A new detection method that uses gold nanoparticles to diagnose flu in minutes has been developed by scientists at the University of Georgia.
By coating gold nanoparticles with antibodies that bind to specific strains of the flu virus and then measuring how the particles scatter laser light, the technology can detect influenza in minutes at a cost of only a fraction of a penny per exam.
"We've known for a long time that you can use antibodies to capture viruses and that nanoparticles have different traits based on their size," said study co-author Ralph Tripp, Georgia Research Alliance Eminent Scholar in Vaccine Development in the UGA College of Veterinary Medicine. "What we've done is combine the two to create a diagnostic test that is rapid and highly sensitive."
Co-author Jeremy Driskell explained that gold nanoparticles, which are roughly a tenth of the width of a human hair, are extremely efficient at scattering light. Biological molecules such as viruses, on the other hand, are intrinsically weak light scatterers. The clustering of the virus with the gold nanoparticles causes the scattered light to fluctuate in a predictable and measurable pattern.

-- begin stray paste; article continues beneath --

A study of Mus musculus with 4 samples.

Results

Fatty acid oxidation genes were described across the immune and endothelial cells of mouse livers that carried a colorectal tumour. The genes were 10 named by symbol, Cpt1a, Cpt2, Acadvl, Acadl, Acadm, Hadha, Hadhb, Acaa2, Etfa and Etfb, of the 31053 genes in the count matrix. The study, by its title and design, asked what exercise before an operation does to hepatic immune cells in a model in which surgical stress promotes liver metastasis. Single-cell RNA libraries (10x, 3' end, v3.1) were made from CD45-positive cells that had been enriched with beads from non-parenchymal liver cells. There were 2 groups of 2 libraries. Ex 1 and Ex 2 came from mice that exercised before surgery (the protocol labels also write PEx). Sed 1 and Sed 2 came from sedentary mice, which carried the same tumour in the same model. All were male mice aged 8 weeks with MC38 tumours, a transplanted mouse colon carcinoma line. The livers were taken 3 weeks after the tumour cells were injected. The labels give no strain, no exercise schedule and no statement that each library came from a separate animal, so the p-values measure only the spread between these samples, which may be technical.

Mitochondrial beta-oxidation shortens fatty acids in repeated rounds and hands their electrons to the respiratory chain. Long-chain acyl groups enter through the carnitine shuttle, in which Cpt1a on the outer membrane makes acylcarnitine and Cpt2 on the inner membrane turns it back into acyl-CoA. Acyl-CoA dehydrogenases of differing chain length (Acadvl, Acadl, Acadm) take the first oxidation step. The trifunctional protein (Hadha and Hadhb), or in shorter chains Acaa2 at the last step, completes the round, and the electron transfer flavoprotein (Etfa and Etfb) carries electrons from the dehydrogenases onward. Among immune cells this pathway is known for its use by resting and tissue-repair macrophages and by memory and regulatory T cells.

"The test is something that can be done literally at the point-of-care," said Driskell, who worked on the technology as an assistant research scientist in Tripp's lab. "You take your sample, put it in the instrument, hit a button and get your results."
Gold is often thought of as a costly metal, but the new diagnostic test uses such a small amount-less than what would fit on the head of the pin-that the cost is one-hundredth of a cent per test.
The study has been published in the journal Analyst.